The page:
Two girls and 21 boys between the ages of 6-16 years old were rescued out of slavery in the fishing industry in Ghana the last week in April.
Two weeks of investigations had revealed more than 20 trafficked children being exploited for labour on an island near a forest reserve along Lake Volta. Based on this information, the Ghana Police Service with support from IJM launched a rescue operation to find the children that had been identified, and arrest the traffickers and boat masters who had forced the children to fish without pay and without school.
But after a two-hour boat ride, when police arrived on the island, there were no children to be found. Not only the trafficked children were missing, there were no children in the community at all. The community had learned about the rescue ahead of time and had hidden the children on other islands or in the nearby forest.
The police arrested eight suspects. When questioned, the suspects confessed that they had loaded a group of trafficked children into a van and sent them back to their home communities that same night.
The police immediately sent a team to intercept the van carrying 15 children and take them to a safe center where they could be interviewed and cared for by social workers.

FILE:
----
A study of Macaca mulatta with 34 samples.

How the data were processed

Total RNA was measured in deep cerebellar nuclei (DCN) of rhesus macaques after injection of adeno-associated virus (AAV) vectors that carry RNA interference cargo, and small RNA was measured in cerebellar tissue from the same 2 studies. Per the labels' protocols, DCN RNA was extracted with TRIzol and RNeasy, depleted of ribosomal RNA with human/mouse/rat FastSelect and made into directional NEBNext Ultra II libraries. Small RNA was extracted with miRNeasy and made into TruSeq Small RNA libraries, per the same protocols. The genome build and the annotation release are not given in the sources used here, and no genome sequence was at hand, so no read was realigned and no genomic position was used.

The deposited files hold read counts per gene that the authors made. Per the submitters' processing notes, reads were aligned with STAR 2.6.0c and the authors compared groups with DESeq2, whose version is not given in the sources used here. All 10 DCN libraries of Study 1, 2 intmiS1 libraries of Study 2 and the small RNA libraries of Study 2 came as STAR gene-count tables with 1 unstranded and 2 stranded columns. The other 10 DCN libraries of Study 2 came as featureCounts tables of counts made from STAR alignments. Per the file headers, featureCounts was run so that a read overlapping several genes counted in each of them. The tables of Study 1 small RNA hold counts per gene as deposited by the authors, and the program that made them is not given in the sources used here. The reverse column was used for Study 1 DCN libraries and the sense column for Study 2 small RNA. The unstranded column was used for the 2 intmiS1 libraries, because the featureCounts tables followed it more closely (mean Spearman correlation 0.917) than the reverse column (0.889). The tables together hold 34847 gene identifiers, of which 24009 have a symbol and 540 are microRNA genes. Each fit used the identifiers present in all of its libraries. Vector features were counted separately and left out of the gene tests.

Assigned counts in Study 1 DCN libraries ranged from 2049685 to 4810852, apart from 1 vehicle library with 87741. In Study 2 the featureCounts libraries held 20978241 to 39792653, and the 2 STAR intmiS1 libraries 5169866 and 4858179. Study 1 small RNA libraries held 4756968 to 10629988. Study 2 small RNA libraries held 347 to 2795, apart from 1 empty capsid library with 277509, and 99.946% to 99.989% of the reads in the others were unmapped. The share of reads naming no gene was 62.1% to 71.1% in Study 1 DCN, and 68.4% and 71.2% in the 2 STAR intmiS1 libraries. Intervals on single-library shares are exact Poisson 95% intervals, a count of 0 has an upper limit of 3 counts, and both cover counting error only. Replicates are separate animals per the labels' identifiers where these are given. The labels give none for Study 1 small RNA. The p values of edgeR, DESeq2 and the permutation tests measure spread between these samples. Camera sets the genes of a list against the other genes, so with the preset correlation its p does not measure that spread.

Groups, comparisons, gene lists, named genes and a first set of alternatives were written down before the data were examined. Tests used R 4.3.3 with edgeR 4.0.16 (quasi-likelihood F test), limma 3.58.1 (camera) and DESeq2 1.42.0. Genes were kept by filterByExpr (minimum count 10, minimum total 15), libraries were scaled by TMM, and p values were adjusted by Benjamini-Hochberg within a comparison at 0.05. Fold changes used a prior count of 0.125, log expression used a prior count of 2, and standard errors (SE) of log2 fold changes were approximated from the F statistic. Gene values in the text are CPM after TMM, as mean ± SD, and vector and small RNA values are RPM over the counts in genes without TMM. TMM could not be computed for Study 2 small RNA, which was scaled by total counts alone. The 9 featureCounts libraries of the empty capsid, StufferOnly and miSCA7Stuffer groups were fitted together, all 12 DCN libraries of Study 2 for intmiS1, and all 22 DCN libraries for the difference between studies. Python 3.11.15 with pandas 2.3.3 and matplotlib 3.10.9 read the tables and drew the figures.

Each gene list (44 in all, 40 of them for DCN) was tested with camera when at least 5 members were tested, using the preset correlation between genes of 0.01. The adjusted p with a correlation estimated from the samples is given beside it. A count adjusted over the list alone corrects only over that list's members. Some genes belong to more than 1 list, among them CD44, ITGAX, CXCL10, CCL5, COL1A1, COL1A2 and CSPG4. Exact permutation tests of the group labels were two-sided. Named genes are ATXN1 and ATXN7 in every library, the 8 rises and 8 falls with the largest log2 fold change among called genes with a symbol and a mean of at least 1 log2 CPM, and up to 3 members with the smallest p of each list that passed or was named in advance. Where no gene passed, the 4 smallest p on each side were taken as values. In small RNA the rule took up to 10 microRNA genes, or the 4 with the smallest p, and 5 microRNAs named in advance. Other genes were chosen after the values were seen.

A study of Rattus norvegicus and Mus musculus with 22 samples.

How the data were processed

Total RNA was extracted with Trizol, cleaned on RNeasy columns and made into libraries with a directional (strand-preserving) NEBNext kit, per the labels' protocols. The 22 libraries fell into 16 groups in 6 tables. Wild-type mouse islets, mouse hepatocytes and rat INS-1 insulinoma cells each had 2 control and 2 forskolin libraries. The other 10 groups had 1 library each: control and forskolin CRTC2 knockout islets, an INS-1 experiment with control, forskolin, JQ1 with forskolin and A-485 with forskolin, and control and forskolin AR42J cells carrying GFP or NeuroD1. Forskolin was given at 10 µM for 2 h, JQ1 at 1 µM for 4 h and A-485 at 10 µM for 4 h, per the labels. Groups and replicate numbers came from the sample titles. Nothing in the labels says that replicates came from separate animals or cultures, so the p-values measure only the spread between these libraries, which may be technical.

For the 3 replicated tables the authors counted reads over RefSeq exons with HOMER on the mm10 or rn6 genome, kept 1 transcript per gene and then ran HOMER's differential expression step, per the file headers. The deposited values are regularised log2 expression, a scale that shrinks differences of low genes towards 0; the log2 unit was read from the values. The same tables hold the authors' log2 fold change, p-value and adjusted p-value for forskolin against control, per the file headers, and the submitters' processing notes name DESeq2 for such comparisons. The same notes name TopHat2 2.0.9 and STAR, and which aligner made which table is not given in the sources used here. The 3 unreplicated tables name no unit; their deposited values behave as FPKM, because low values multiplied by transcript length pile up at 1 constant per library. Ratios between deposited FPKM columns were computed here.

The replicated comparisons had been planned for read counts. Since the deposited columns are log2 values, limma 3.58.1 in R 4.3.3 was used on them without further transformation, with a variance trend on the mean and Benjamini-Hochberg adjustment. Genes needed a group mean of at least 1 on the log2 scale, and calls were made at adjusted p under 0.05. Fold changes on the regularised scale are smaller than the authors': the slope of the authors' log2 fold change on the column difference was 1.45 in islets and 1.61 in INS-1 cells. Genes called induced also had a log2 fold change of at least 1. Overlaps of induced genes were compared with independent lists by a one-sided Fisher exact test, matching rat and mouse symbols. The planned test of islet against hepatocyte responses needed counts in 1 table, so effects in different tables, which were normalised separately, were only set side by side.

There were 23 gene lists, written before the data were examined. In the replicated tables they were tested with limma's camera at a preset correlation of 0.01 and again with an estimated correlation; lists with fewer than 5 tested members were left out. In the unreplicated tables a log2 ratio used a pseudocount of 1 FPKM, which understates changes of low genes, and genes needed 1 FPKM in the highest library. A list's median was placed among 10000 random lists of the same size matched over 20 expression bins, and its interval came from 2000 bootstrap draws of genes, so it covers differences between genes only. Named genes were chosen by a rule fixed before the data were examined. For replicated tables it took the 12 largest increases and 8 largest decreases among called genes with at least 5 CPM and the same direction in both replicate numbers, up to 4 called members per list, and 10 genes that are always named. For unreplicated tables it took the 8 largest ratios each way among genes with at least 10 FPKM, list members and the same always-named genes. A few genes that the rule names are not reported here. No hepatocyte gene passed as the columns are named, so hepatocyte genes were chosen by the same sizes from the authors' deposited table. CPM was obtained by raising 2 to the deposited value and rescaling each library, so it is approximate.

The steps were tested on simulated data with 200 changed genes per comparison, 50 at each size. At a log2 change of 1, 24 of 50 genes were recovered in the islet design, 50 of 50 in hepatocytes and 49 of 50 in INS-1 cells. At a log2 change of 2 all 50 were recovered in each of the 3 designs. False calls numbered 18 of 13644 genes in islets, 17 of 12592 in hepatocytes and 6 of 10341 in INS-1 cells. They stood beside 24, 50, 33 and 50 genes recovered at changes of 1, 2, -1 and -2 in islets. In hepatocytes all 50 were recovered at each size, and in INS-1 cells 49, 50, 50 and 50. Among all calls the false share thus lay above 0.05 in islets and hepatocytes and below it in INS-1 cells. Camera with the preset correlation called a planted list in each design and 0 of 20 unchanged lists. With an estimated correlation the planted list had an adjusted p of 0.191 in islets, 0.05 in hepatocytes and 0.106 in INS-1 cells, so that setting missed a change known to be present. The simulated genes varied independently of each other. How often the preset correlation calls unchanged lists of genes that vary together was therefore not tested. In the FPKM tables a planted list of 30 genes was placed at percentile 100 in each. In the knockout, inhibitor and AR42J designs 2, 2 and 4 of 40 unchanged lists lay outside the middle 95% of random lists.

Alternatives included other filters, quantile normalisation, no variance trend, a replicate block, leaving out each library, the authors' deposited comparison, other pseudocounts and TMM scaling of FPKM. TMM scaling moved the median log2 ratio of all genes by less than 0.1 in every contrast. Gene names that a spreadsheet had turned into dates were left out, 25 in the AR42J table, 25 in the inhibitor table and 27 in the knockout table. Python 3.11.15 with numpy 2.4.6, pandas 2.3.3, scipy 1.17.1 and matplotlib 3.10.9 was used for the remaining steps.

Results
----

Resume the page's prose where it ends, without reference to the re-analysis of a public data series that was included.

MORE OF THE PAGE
Finally, the slave masters who were in custody called their family members back on the island and told them to turn in the children they had been hiding. Eight more children were delivered to the police.
The children were initially terrified. Their masters had lied to them, telling them that the people who had come to rescue them were really there to kill them. It took time and patience for IJM and Department of Social Welfare social workers to win their trust, but eventually, the children understood they were not in danger.
Most of the children had been away from their parents for more than two years.
One boy, 14-year-old Robert*, said through tears, “I’m happy I’ll also have the opportunity to go to school and not be on the lake and suffer from the hands of my master.”